Brine: Work has changed prairie
and methods around oil production water spills worldwide — brine that is, salt water, something that “has cost Oklahoma a lot of land,” he said.
The easiest mark related to Sublette's work is the Ecological Research Center that opened in 2004 at the preserve. Others, if you know where to look, are remediation sites across the prairie where once brine-scarred “moonscapes” are transformed back into grasslands. More, his research continues to carry the influence of TU and an unlikely partner for the oil and gas industry, The Nature Conservancy, to best-practices on oil and gas fields worldwide.
“In a nutshell, I can't say enough good things about Kerry Sublette,” said Harvey Payne, who as one-time director for the preserve in the early 1990s shuddered at the idea of “some well-meaning ivory tower professor” coming to look at oil production and possibly stir up a political hornets' nest.
“He personally raised, I'm sure, over $1 million that he has put into remediation on the preserve,” he said. “Bureau of Indian Affairs, oil producers, people around the world use the techniques he's developed here at the preserve and that's really something,” Payne said.
Preserve Director Bob Hamilton said the research center hosts scientists from universities far and wide each field season that look at everything from birds and botany to oil and gas.
More than 180 published papers have resulted from work carried out at the remote station and the accompanying old ranch bunkhouse that was restored to house the scientists in residence.
“If you have to point to one person, Kerry Sublette is the reason why that facility exists,” Hamilton said, acknowledging the major role played by the University of Tulsa and The Nature Conservancy for the roughly $1.5 million facility plus maintenance endowment.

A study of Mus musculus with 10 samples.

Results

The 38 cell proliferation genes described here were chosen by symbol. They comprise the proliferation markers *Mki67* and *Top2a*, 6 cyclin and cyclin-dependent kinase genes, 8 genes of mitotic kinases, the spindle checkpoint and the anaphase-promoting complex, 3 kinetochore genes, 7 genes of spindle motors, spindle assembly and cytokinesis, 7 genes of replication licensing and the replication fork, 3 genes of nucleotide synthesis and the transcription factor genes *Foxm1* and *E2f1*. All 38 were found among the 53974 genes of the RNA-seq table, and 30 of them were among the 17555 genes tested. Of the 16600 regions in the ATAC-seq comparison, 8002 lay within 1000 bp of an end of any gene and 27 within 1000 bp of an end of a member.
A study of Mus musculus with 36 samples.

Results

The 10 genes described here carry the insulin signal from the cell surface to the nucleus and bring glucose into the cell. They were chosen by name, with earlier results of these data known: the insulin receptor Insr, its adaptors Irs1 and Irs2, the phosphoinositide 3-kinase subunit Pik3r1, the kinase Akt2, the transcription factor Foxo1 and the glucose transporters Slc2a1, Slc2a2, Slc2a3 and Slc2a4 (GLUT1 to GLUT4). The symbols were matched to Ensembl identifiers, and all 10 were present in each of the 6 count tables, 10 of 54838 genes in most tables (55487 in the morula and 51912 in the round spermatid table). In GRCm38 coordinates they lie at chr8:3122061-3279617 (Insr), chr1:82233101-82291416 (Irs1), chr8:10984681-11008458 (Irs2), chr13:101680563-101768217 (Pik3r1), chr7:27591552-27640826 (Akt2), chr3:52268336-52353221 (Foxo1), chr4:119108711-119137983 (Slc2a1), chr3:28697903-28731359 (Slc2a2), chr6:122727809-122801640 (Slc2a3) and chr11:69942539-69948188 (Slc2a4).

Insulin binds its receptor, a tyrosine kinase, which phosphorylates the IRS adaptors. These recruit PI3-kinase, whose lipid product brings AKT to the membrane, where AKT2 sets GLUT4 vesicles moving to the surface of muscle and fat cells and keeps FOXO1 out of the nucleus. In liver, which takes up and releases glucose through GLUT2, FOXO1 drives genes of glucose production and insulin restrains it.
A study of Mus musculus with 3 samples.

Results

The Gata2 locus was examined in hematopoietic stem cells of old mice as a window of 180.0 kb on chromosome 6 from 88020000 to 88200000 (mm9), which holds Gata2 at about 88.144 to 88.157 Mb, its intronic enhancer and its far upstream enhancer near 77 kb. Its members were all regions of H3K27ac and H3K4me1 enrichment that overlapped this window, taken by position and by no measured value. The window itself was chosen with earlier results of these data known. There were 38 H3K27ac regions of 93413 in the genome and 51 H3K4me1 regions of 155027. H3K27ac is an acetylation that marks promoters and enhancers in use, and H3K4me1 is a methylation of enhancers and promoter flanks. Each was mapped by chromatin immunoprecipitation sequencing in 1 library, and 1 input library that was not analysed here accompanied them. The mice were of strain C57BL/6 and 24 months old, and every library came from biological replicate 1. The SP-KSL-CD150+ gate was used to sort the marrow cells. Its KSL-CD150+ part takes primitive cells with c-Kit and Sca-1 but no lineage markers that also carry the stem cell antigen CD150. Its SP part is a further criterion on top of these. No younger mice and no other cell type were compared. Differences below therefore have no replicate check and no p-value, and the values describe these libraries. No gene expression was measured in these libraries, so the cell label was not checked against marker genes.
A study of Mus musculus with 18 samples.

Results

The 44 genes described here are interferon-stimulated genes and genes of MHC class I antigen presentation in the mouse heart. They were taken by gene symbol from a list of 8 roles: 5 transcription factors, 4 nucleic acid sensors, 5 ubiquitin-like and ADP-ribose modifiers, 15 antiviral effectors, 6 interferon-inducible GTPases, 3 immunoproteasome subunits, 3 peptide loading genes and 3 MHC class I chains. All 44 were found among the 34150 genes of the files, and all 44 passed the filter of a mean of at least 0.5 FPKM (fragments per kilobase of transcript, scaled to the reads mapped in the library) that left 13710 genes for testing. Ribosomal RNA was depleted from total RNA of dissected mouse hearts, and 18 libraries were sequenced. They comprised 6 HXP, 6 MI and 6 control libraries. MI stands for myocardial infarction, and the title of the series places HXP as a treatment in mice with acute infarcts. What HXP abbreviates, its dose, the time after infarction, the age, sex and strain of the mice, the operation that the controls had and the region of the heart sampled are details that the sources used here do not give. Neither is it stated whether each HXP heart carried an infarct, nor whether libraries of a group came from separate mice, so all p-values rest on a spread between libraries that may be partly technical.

“People were collecting samples and running them back to TU, or to their universities and Kerry said, `what we really need is a research facility out here.' It's come to be that the preserve and the research facility has been more influential in remediation research than any other single site worldwide,” he said.
On the wide-open prairie, the real action happens below the surface, Sublette said.
A miracle from the prairie for the oil fields, put in the simplest terms and focusing on one tiny — but critical — element of a broad approach is the advent of what might be called Sublette's microbe ranches.
“A bug ranch,” Sublette laughed at the suggestion, but acknowledged it's a loosely accurate characterization of what happens with Biotrap technology developed at the university and now in commercial use internationally.
“It's very important for us to understand what's going on with the microbial community. Whether it's working the way it should, whether it's responding the way it should,” he said. “We have the capability now to provide irrefutable proof that the micro-organisms in a certain environment are degrading a certain compound.”
No question, the prairie has been a transformative landscape for the man who stood alone in the dark under the night sky with the camera on his tripod on the Tallgrass.
He's completed important work there and he's loved and lost there. He met his wife of 18 years, Judy, on the prairie. She passed away last fall but years earlier she was part of a cancer support group attended by Sublette's first wife, who also died of cancer.
“After my (first) wife died I took all the members of her support group, in groups of two and three, on a tour of the Tallgrass Prairie,” he said. “We'd spend the day out there, driving around, seeing the bison, hiking around. So, on a trip out there I got to know Judy and I thought, `this is a nice lady.' I got to know her a little better, and we started seeing more of each other, and it developed into a relationship.”
His environmental consulting business will take more of his time now and he still will lead professional training seminars for agencies, corporations, and countries worldwide, he said.
There will be hundreds and hundreds of shots to come.
“Now I just try to fill my time with as much productive or fun things to do as possible,” he said. “I'm sure it's going to be that way for a long time.”
University of Tulsa professor Kerry Sublette talks about a brine spill remediation site with Tallgrass Prairie Preserve Director Bob Hamilton.